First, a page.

More than 660,000 people in the United States suffer from end-stage kidney disease, which can only be treated by dialysis or kidney transplantation. Almost half of these patients develop the condition as a complication of diabetes. Scientists at Joslin Diabetes Center now have revealed an unexpected route to slow the progression of diabetic kidney disease, targeting a biological pathway that is the main channel for the metabolism of glucose in the cell.
The finding builds on an earlier surprise from the Joslin Medalist Study program, which looks for clues on how some people live with type 1 diabetes for more than 50 years with unusually low levels of complications, says George King, M.D., Joslin's Chief Scientific Officer and Professor of Medicine at Harvard Medical School. That previous work documented that among Medalists with similar control of their blood glucose levels, some people developed kidney disease and others did not.
Described in a paper in Nature Medicine, the current study set out to find what biological mechanisms might protect the kidneys of healthy Medalists against damage from high blood glucose levels.
Using postmortem kidneys donated from generous Medalists, the Joslin team looked at the levels of thousands of proteins expressed in kidney cells that help to filter blood, and compared the results for Medalists with and without kidney disease.
The investigators expected to observe that the unhealthy kidneys demonstrate high levels of a host of enzymes that process blood glucose, says King, who is corresponding author on the paper. Increased glucose processing has long been thought to inflict damage on the mitochondria (the cell's power generators), which then produce large amounts of reactive oxygen molecules, which in turn leads to kidney disease.
But the Joslin team found just the opposite--much higher levels of these enzymes were detected instead in the protected kidneys.
The scientists got another surprise when they followed up on this finding with mouse experiments that exposed specialized kidney cells called "podocytes", a key component of the blood filtering, to high levels of glucose. "Rather than having damaged mitochondria, somehow these cells, when their glucose metabolism is activated, stimulate themselves to make new mitochondria, so the mitochondria actually work better," King says.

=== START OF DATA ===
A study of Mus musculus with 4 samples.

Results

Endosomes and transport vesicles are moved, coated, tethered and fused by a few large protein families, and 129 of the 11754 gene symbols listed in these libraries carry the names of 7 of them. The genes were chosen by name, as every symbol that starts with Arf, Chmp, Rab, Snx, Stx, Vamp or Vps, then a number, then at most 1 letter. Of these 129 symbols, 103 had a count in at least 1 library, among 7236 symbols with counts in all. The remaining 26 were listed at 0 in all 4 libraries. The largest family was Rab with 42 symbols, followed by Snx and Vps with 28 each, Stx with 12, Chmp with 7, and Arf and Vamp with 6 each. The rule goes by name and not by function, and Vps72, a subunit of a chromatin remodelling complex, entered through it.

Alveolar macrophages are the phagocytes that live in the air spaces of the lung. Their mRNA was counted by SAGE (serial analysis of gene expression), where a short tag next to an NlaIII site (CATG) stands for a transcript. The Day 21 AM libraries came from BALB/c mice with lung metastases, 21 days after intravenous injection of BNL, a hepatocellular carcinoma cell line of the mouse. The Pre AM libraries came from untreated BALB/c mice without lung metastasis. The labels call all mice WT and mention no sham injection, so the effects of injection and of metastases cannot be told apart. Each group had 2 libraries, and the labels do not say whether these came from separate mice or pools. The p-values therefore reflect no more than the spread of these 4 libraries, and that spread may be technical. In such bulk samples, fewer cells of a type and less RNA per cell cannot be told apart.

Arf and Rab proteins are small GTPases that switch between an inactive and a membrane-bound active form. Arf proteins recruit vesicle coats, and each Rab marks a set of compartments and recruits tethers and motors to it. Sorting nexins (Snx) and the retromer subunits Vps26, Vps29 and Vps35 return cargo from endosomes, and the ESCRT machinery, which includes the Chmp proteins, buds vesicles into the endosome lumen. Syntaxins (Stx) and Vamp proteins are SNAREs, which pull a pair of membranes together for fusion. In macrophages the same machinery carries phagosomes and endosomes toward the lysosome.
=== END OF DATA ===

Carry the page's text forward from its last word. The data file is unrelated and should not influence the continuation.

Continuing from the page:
Next, the research team decided to test potential protective treatments by activating a key enzyme in glucose-processing pathways. They picked an enzyme known as PKM2, whose levels almost tripled in healthy Medalists' kidneys compared to diseased kidneys in the study, and which helps the cell take the final step in supplying fuel by the mitochondria. Another reason to pick PKM2 was that cancer researchers have studied the enzyme intensively (because low activity of PKM2 can boost tumor growth) and created many research tools and drug compounds to probe its actions, King says.
After colleagues at Sanofi provided an investigational compound that activates PKM2, the team showed that this compound could stop abnormalities in mouse podocytes both in cell culture and in two mouse models of diabetes.
The experimenters successfully tested the compound in the two mouse models "either treating right at the beginning of diabetes, or for reversal of toxic effects after three or four months of diabetes, which is even more difficult," King says.
Analysis of a small number of kidneys from non-Medalists suggests that similar glucose-processing protective mechanisms may be found in some people with type 2 diabetes as well as type 1 diabetes. Joslin scientists plan to explore kidney disease across a much broader sample of people with diabetes to see if the mechanisms do indeed work across this spectrum, King says.
"Anything we could do to delay the progression of diabetic kidney disease would be very helpful, because the need is great and there hasn't been a new drug in decades," he adds. "This approach also may prove help defend against eye, nerve or other complications of diabetes."